Slash of Federal Grants to Sanctuary Cities Fought at 3rd Circuit

PHILADELPHIA (CN) — Defending the city’s sanctuary status, an attorney for Philadelphia urged the Third Circuit on Wednesday to affirm that its position should not come at the cost of federal funding.

Hogan Lovells partner Neal Katyal said the Department of Justice lacked the authority to enforce “an absolute cut off of these funds,” both under the U.S. Constitution and the funding statute, known as the Edward Byrne Memorial Justice Assistance Grant.

Representing Philadelphia, Katyal emphasized that the grant came from Congress. He said the separation-of-powers doctrine bars the Justice Department from withholding the funds, and that the statue says you can only have this immigration function “to the extent that its consistent with state and local law.”

“It’s a mandatory grant program,” Katyal said. “It’s not one that gives the attorney general discretion. If you adopt their discretion, you do massive destruction.”

The government appealed to the Third Circuit after U.S. District Judge Michael Baylson sided with the city this June, ruling that Attorney General Jeff Sessions violated the spending clause of the U.S. Constitution, Supreme Court precedent and the Administrative Procedures Act in cutting off Philadelphia’s grant access.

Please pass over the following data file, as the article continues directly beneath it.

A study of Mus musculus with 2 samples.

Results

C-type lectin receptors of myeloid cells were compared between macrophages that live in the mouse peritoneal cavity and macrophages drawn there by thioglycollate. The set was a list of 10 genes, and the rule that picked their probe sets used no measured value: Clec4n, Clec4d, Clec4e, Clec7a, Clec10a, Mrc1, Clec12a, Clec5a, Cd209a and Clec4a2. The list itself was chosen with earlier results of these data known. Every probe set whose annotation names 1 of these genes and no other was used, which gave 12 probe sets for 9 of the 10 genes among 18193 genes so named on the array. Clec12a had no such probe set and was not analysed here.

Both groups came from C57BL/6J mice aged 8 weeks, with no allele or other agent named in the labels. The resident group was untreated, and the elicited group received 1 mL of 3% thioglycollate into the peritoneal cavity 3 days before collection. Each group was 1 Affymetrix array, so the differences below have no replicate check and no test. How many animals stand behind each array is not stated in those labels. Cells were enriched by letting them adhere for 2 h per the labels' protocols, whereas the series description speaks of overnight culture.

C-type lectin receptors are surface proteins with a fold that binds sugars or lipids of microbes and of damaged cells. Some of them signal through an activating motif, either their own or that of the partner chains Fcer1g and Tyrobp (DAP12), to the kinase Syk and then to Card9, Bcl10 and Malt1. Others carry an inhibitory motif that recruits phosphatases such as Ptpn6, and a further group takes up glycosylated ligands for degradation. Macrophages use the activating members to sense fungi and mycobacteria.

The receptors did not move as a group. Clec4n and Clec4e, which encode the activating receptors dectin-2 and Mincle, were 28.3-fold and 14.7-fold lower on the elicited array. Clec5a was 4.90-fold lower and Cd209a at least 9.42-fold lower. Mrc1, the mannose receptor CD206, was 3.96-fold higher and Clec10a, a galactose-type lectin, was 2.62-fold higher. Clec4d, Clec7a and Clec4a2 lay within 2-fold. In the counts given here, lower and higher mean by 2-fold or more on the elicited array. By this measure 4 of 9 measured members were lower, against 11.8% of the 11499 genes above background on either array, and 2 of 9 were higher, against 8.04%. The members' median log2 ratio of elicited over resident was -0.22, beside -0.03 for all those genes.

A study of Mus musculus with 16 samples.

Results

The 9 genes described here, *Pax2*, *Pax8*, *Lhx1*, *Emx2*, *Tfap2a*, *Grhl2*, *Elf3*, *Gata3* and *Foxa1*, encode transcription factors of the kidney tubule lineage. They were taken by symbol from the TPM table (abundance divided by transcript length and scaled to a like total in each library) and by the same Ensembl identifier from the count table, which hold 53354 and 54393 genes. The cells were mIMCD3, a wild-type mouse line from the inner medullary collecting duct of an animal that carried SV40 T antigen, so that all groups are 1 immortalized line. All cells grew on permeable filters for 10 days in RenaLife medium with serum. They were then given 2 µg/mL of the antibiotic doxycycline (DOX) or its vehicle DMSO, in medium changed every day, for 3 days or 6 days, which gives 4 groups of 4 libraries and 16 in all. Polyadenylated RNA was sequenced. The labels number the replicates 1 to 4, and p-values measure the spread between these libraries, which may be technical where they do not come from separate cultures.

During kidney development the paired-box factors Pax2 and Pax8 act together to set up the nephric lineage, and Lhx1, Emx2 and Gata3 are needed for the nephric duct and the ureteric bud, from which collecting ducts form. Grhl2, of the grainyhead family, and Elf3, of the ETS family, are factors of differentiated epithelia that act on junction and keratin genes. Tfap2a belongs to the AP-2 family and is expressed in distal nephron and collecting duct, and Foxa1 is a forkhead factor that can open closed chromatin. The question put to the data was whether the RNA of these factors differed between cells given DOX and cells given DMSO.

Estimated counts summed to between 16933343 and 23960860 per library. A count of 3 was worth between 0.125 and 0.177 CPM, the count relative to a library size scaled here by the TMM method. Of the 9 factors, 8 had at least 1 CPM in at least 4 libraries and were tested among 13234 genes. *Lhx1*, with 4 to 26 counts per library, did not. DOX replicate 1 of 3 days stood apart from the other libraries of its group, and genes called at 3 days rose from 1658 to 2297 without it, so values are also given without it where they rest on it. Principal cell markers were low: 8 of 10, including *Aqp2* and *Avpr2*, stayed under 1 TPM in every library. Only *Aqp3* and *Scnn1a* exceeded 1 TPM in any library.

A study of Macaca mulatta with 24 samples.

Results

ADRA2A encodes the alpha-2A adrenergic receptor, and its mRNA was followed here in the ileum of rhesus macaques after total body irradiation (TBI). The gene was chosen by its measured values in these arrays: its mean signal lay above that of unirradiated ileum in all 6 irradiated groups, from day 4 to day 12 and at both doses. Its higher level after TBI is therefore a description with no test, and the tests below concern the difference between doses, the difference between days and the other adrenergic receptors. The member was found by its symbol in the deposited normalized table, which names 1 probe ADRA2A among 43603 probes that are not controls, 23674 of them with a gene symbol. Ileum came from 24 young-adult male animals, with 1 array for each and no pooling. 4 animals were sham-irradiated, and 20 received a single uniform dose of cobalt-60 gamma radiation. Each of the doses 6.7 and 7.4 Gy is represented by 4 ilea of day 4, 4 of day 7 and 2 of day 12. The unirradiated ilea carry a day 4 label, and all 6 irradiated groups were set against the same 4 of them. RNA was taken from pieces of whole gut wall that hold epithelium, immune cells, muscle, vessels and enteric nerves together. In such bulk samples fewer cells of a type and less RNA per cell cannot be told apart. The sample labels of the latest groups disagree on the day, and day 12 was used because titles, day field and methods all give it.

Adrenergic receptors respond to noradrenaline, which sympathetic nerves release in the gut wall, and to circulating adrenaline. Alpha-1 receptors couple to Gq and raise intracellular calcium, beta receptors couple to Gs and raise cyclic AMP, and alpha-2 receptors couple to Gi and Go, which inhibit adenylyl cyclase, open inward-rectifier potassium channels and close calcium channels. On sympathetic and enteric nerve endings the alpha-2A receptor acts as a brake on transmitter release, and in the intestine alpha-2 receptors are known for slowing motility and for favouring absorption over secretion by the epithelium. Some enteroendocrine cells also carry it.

Maintaining that Baylson overstepped, Justice Department attorney Katherine Allen argued that compliance is necessary so that the U.S. government ensures that it is not funding a police department that does not comply with the federal government’s law-enforcement efforts.

“That simply won’t work if states are releasing the individuals without notifying the federal government,” she said. “It’s much safer for the federal government to transfer custody of these individuals than try to pick them up on the street, which poses threat to the general public.”

But Katyal said in his argument that the city is, in many cases, unable to provide federal authorities 48 hours notice before immigrants in state custody are released, since most are detained for under 14 hours.

Katyal further argued that providing notice to federal authorities, so they could follow deportation measures, would discourage immigrants from seeking out local law enforcement and disempower local officials to reduce crime.

“When you require things like notice, it starts to blur the line between ICE and the city and encourages people not to seek social services,” he said.

U.S. Circuit Judges John Scirica, Thomas Ambro and Marjorie Rendell did not indicate when they will rule. Ironically, the hearing occurred as Attorney General Jeff Sessions resigned Wednesday afternoon at the request of President Donald Trump.